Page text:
Branding Urgent Care: A Journey in Shifting Acute Outpatient Care Away from the Emergency Department

Branding Urgent Care: A Journey in Shifting Acute Outpatient Care Away from the Emergency Department


David Glass, PhD; Kathy Kigerl, RN, MN; John Shohfi, MD;
Michael Neri, Jr, MD

Introduction: The Urgent Care Strategic Workgroup engaged in a four-year journey (2012 to 2016) to reposition and rebrand urgent care at Kaiser Permanente in Southern California. The mission is to provide convenient services for patients who perceive symptoms as needing urgent attention and do not want to inappropriately use the Emergency Department (ED). The “overuse” or “misuse” of the ED is a longstanding issue inside and outside of Kaiser Permanente.
Methods: In a qualitative study in 2012, the Workgroup found that members were often confused about the location, hours, and services of urgent care. Those going to the ED in low-acuity situations often sought guidance and were directed to go to the ED either indirectly (eg, lack of appointments in primary care) or directly.
The Workgroup, building on these insights, made the following interventions:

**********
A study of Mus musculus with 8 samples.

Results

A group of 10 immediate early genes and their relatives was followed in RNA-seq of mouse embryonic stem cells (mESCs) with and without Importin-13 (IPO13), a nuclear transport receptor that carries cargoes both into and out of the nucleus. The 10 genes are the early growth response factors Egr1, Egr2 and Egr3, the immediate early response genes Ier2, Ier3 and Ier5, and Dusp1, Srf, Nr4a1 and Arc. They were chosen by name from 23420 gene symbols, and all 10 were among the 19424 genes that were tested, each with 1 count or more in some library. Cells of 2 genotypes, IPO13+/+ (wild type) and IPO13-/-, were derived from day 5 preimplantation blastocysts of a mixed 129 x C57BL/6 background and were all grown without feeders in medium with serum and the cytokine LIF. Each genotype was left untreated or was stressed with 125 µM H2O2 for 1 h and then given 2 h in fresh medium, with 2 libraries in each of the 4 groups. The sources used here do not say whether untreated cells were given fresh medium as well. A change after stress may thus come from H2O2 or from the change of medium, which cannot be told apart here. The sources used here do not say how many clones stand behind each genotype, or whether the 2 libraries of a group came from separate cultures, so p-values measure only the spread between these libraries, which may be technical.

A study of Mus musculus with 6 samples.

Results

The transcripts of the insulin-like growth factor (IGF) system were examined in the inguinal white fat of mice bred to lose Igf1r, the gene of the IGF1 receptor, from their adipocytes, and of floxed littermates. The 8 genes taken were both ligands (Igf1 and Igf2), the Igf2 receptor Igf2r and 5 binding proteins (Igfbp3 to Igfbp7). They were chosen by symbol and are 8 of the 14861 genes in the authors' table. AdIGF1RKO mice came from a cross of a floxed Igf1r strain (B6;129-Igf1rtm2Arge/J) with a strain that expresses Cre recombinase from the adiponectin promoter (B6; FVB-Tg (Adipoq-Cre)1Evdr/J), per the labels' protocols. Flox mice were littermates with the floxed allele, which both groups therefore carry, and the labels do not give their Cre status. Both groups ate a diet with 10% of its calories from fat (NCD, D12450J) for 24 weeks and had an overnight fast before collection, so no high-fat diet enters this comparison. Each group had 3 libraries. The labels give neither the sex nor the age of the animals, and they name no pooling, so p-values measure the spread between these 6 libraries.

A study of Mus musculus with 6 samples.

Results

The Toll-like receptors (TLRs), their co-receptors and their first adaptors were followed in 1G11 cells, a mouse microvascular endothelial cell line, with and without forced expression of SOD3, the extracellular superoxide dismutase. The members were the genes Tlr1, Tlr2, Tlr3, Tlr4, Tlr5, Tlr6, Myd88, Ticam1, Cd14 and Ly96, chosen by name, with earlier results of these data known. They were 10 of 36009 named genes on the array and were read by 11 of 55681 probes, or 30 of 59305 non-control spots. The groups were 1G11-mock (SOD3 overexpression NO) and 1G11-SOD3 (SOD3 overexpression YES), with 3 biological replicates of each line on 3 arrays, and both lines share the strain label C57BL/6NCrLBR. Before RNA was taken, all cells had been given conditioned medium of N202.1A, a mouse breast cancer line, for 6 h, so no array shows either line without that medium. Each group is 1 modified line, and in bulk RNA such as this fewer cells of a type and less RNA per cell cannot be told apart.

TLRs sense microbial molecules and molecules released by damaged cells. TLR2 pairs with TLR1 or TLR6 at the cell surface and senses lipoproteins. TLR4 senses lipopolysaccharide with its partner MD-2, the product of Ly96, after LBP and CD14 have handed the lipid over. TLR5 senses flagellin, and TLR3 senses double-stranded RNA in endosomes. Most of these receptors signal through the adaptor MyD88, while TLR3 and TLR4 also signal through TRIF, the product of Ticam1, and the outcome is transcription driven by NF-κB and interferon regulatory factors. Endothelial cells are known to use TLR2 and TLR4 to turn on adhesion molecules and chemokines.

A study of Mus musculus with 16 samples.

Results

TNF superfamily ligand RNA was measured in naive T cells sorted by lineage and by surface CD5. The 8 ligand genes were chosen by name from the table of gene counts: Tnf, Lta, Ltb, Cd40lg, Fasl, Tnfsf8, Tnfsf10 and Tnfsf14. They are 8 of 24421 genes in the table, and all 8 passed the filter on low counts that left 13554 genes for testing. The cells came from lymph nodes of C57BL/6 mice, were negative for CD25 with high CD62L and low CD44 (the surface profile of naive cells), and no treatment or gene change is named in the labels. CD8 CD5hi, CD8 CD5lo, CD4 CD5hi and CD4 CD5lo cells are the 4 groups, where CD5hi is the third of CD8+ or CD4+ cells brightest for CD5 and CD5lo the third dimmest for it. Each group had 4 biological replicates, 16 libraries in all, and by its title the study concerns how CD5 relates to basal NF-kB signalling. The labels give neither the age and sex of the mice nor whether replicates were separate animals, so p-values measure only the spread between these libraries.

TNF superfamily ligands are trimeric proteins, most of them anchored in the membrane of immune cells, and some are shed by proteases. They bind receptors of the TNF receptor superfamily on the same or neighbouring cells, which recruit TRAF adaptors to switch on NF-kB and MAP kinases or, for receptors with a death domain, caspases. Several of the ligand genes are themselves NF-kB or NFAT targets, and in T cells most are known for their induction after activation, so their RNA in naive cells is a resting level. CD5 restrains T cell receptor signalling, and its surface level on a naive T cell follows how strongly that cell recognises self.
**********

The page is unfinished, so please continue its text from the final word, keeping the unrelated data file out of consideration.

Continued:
1. Standardized urgent care clinics across the Region in terms of services provided and more closely aligned hours of operation (through the development of a “playbook” and a certification process)
2. Implemented a marketing campaign on urgent care
3. Cobranded Urgent Care and ED signage on campuses to make the choice more obvious to patients at the point of service.
Results: Eighty percent of Southern California Kaiser Permanente members are now aware of the location and services at Urgent Care. After 4 years, low acuity visits to the ED dropped 32% whereas urgent care increased by 39%.
Discussion: Members are often confused about the appropriate place to seek care in nonlife-threatening but acute situations in which they are in a great deal of pain. It is possible to brand urgent care, lower the confusion, and substitute urgent care visits for low-acuity ED visits.


The Kaiser Permanente National CME Program designates this journal-based CME activity for 4 AMA PRA Category 1 Credits. Physicians should claim only the credit commensurate with the extent of their participation in the activity.